Wednesday, December 3, 2008

The Ellensburg Sky for the week of 12/6/08

Saturday: The earliest sunset of the year occurs this week. The Sun is at its southernmost point with respect to the background stars on the day of the winter solstice. This means the Sun spends the least amount of time above the horizon on that day. But, the Sun rise and set time depends on more than its apparent vertical motion. It also depends on where the Sun is on the analemma, that skinny figure-8 you see on globes and world maps. During the second week in December, the Sun is not quite to the bottom of the analemma. But, it is on the first part of the analemma to go below the horizon.

Sunday: “Hey baby! What’s your sign?”
“Ophiuchus, of course”
The Sun is in the same part of the sky as the stars of Ophiuchus from about November 29 to December 17. This is what astrologers mean when they say the Sun is “in” a constellation. Thus, if you were born between these dates, you should be an Ophiuchus. The fact that the horoscopes never list Ophiuchus is a major flaw of astrology. Astrology says that some of our characteristics are based on the location of the Sun at our birth. How can astrologers leave out three weeks from their system? That is like a scientist saying she can explain the results of her experiment every month of the year except early December. Ophiuchus was a mythical healer who was a forerunner to Hippocrates. According to myth, he could raise people from the dead. Maybe that is why he is ignored by astrology. Raising people from the dead is much less impressive than giving highly personal advice such as “Today is a good day to watch your finances.”
The bright stars of Ophiuchus rise just before the Sun. Rasalhague (pronounced Ras’-al-hay’-gwee), the brightest star, is about one fist held upright and at arm’s length above the east horizon at 6:30 a.m.

Monday: Venus is about a fist above the southwest horizon at 6 p.m. Jupiter, about one fifth as bright, is less than half a fist to the lower right of Venus.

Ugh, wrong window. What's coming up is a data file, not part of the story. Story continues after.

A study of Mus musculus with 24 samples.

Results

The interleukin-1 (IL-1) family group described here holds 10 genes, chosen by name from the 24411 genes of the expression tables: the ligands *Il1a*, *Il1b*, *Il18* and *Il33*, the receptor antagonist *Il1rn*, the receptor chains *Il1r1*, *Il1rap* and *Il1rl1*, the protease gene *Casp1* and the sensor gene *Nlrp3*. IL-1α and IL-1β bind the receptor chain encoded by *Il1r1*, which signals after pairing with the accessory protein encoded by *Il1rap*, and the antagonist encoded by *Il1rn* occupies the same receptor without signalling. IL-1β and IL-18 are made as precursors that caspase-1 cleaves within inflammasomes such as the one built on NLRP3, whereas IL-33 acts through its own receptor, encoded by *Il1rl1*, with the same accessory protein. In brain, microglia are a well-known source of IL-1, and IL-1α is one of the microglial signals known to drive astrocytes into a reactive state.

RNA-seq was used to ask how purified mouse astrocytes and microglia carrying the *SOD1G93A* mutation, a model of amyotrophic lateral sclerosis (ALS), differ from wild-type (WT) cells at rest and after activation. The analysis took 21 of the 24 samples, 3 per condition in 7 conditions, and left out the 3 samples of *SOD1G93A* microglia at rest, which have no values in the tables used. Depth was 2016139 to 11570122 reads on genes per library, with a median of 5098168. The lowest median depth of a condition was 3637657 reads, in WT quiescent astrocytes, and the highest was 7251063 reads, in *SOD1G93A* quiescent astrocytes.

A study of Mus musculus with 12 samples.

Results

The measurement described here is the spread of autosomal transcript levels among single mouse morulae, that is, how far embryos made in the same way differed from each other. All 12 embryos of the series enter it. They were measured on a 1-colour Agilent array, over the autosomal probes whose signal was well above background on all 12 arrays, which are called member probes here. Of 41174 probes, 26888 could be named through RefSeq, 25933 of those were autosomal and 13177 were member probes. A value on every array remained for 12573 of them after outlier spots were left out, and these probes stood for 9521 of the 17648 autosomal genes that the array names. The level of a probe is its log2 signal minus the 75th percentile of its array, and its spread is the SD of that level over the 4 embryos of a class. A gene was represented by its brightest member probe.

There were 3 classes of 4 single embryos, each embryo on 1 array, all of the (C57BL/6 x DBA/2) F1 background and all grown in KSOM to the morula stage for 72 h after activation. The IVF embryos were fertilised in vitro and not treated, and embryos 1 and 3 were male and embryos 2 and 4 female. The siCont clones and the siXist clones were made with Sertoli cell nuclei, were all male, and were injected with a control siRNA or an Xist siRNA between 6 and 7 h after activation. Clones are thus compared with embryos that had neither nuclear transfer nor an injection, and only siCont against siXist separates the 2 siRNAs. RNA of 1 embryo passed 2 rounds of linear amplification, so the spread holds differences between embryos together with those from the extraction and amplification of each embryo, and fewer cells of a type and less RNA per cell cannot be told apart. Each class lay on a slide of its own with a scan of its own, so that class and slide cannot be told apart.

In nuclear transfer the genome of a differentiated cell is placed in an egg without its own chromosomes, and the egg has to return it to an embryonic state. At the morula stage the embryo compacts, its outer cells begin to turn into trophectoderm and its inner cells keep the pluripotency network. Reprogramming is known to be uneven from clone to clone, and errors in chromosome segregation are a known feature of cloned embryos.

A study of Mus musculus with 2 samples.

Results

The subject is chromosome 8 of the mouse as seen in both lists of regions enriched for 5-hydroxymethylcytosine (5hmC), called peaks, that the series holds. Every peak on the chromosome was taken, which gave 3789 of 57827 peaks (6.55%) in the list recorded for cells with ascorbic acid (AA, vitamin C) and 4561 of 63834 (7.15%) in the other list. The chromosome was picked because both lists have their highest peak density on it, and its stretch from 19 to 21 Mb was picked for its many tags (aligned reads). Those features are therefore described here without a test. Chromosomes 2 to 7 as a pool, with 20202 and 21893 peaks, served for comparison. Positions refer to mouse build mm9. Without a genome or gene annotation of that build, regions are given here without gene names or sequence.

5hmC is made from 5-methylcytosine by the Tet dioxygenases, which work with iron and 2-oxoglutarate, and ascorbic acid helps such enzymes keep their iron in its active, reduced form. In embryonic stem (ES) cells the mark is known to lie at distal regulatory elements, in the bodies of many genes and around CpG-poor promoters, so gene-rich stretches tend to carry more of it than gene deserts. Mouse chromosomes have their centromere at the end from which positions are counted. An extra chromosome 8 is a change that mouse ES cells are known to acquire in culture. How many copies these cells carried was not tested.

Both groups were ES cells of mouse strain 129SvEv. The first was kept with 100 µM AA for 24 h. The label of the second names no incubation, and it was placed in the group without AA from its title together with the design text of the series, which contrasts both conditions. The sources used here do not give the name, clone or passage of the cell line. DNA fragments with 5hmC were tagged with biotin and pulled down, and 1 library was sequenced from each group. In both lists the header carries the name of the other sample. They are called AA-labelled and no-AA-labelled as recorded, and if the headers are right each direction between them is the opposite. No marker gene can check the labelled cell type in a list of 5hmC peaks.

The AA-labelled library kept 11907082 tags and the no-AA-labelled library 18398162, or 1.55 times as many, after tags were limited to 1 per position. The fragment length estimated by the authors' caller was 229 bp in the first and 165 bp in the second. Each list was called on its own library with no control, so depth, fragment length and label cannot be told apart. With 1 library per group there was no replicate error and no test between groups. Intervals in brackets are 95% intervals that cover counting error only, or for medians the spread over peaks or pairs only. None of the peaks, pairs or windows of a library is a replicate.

Tuesday: Saturn rises at about midnight. By 6 am, it is nearly five fists above due south.

Wednesday: At about 11 p.m., the Moon occults the Pleiades. That means the Moon passes between the open star cluster called the Pleiades and the Earth, blocking the light of the Pleiades from reaching Earth. They are six and a half fists above the south-southwest horizon when this happens.

Thursday: Sirius, the brightest star in the nighttime sky, is one fist above the southeast horizon at 10 p.m.

Friday: In 1981, the well known astronomy rock group Blondie released The Tide is High in two versions: the radio version and the astronomy version. In the astronomy version, Debbie Harry sang: “The tide is high ‘cause the moon is full. Higher still when the moon’s close, Will.” (Will must be Debbie’s sky watching partner.) The full moon is the phase where the Moon is on the opposite side of the Earth from the Sun. That means the moon and Sun are both stretching the Earth in the same direction causing the ocean water in line with the Sun and moon to be pulled upward. The highest high tides occur when the moon is full or new. In addition, the moon is at perigee this evening. Peri- means close and –gee refers to the Earth so this is the day of the month when the moon is closest to the Earth. This accentuates the upward pull on the water and makes the tides really high.

The positional information in this column about stars and any planet except Mercury is accurate for the entire week.